The legislature is working on a bill that would make it easier for electric cooperatives to bring broadband to their customers and maybe beyond by allowing them to use existing easements – and rather than gather opt-in permission door to door to use easements for broadband, they could use the opt-out method by announcing it to customers in their newsletters with a deadline for customers to voice concerns. Thanks to MREA (MN Rural Electric Association) for sharing a recent article from a recent report with more details…
MINNESOTA’S ELECTRIC COOPERATIVES CAN BE A GREAT PARTNER IN BRIDGING THE DIGITAL DIVIDE – BUT ONLY WITH A CHANGE IN STATE STATUTE
By Joyce Peppin, director, government affairs & general counsel
The COVID-19 pandemic has created many challenges in the past year, including forcing school districts and business owners to figure out how to conduct operations on virtual platforms. That problem is exasperated in rural areas of the state that don’t have access to high-speed internet. Surprisingly, even a full year after the onset of the pandemic, 440,000 Minnesotans still do not have access to a wired broadband connection with speeds of 25 Mbps or faster, and another 125,000 do not have any wired internet providers with services available at their place of residence, according to the organization BroadbandNow.
Electric cooperatives could be a big part of the solution to bridge the digital divide – the technological gap between those with access to up-to-date technologies and those without access. Electric co-ops are located throughout Minnesota, and unlike any other for-profit business or governmental entity, they already have the infrastructure in place. They are uniquely positioned to bring broadband to corners of the state that are currently not served or underserved, but there is a legal challenge that must be addressed first.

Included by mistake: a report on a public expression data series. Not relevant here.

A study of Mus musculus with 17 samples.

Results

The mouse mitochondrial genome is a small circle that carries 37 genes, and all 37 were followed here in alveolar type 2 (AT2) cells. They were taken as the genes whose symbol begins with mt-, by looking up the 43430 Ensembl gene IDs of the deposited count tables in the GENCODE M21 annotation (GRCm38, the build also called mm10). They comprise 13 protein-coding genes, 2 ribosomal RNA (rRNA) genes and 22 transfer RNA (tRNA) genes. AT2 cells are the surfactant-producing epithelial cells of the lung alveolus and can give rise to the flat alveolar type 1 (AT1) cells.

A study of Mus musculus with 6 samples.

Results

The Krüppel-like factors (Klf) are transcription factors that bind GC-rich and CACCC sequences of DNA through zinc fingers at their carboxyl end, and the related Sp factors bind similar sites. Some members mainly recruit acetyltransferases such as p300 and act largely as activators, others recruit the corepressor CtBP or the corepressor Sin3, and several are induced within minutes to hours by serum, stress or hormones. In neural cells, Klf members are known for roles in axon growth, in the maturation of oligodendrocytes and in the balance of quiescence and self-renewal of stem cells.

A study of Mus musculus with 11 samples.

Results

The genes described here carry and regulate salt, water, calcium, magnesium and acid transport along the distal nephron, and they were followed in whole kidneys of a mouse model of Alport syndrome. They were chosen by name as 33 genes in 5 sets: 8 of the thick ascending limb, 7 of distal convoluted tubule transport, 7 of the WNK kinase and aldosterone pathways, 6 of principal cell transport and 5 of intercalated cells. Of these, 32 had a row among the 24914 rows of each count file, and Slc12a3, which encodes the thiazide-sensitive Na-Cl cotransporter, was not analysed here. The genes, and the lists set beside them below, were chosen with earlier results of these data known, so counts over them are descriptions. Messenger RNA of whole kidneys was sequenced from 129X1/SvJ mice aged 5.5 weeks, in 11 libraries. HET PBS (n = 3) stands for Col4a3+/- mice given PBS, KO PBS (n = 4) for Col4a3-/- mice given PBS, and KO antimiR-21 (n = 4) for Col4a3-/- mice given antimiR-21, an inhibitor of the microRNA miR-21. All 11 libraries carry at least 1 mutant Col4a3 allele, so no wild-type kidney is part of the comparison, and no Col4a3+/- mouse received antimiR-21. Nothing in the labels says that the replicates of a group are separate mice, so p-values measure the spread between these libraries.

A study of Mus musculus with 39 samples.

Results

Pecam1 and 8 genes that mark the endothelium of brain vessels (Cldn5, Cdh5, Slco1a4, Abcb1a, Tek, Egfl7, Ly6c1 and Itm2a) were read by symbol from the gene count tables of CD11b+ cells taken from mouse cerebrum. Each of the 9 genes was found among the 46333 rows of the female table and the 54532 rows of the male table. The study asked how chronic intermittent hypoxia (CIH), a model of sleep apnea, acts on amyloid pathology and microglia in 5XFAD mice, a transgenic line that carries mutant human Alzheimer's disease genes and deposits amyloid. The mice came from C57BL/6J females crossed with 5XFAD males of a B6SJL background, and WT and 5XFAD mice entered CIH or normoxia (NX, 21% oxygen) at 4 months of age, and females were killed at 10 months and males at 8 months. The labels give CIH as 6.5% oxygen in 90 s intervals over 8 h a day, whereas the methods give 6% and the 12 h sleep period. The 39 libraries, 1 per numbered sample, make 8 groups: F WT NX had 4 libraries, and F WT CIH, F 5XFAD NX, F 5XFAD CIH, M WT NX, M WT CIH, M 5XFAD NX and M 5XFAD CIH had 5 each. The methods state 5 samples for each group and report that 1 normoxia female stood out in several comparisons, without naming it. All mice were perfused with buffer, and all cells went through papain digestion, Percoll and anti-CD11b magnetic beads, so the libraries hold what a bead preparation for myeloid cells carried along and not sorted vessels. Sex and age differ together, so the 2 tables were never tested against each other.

The problem is that for an electric co-op to deploy broadband (or partner with a telecommunications company to deploy broadband), they must first get a new signed easement agreement from every landowner that gives the co-op express permission to use the easement for broadband purposes. However, obtaining new easements is an extremely time-intensive and expensive task.
To address this legal change, MREA worked with state legislators to draft HF 686/SF 1304. This bill would allow co-ops to use their current easements for deploying broadband, so long as they give easement holders six months notice in a bill insert or via first-class mail and recognize a landowner’s right to commence legal action or seek damages for a fair market decrease in property value. If the bill passes, co-ops would have more legal certainty that they would prevail in a lawsuit against trespass claims by landowner rights’ groups and would be more likely to help bring high-speed internet to the unserved or underserved.
While not every co-op will participate in deploying broadband, the passage of this bill will provide the state with another tool in the toolbox to bridge the digital divide. Please contact your legislators and ask them to support HF 686/SF 1304!